CORONAVIRUS

White House Claims U.S. Will Have Full Coronavirus Vaccine 'By The End Of This Year'

“We will deliver by the end of this year a vaccine at scale,” Defense Secretary Mark Esper said, despite estimates it could take 12 to 18 months -- at least.

President Donald Trump and his administration confidently proclaimed Friday that the U.S. will be able to distribute a full-scale coronavirus vaccine by the end of the year, despite most public health experts estimating it could take at least 12 to 18 months, if not longer.

“Winning matters, and we will deliver by the end of this year a vaccine at scale,” Defense Secretary Mark Esper said.

Former pharmaceutical executive Moncef Slaoui and Army Gen. Gustave Perna will lead an effort that is already narrowing down vaccine candidates, Trump announced, adding that the most promising ones will be used in a clinical trial.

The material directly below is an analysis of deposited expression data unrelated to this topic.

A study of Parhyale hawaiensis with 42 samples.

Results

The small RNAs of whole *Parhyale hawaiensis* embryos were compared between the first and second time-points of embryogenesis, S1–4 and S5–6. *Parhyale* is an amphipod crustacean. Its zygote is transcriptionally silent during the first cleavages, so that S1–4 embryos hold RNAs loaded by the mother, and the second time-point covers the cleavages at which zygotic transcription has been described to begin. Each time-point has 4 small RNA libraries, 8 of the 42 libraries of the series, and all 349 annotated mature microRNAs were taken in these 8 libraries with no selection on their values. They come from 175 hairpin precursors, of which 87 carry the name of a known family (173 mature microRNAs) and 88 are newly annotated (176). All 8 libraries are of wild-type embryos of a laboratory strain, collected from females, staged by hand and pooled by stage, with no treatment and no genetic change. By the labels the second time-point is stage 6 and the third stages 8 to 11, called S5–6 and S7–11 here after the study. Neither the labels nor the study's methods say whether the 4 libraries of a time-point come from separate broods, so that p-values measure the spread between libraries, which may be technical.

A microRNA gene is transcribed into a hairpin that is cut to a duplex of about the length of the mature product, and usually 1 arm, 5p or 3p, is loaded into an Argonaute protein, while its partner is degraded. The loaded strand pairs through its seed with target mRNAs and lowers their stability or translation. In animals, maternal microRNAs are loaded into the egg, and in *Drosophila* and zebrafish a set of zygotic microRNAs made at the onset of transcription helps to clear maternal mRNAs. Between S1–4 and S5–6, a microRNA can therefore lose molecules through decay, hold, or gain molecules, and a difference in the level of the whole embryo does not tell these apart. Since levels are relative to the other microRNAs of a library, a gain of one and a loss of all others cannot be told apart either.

“We are looking to get it by the end of the year if we can, maybe before,” he said. 

Asked if the vaccine would be fully available and not just partially available on an emergency basis, Trump asserted it would be.

“We are looking for a full vaccine for everyone that wants to get it,” he said. “Not everybody is going to want to get it, but we’re looking at a full vaccine.” 

Health and Human Services Secretary Alex Azar suggested the vaccine may be developed under an emergency authorization, and claimed it would be “available for the entire American population by January.”

Trump has previously made unfulfilled promises — for example, repeatedly declaring that everyone would be able to access a COVID-19 test. He made this claim as early as March, and again on Monday.

Many areas of the U.S. are still reporting testing shortages, and tests are often limited to people in certain circumstances, such as front-line workers or people showing symptoms, even though the virus also spreads via people who are asymptomatic.

Widespread testing capability is a key part of reopening the economy, public health experts have warned.

Trump claimed Friday with no evidence that many states have “excess testing capacity.”

“The testers are waiting for people to show up,” he said. “It’s great.”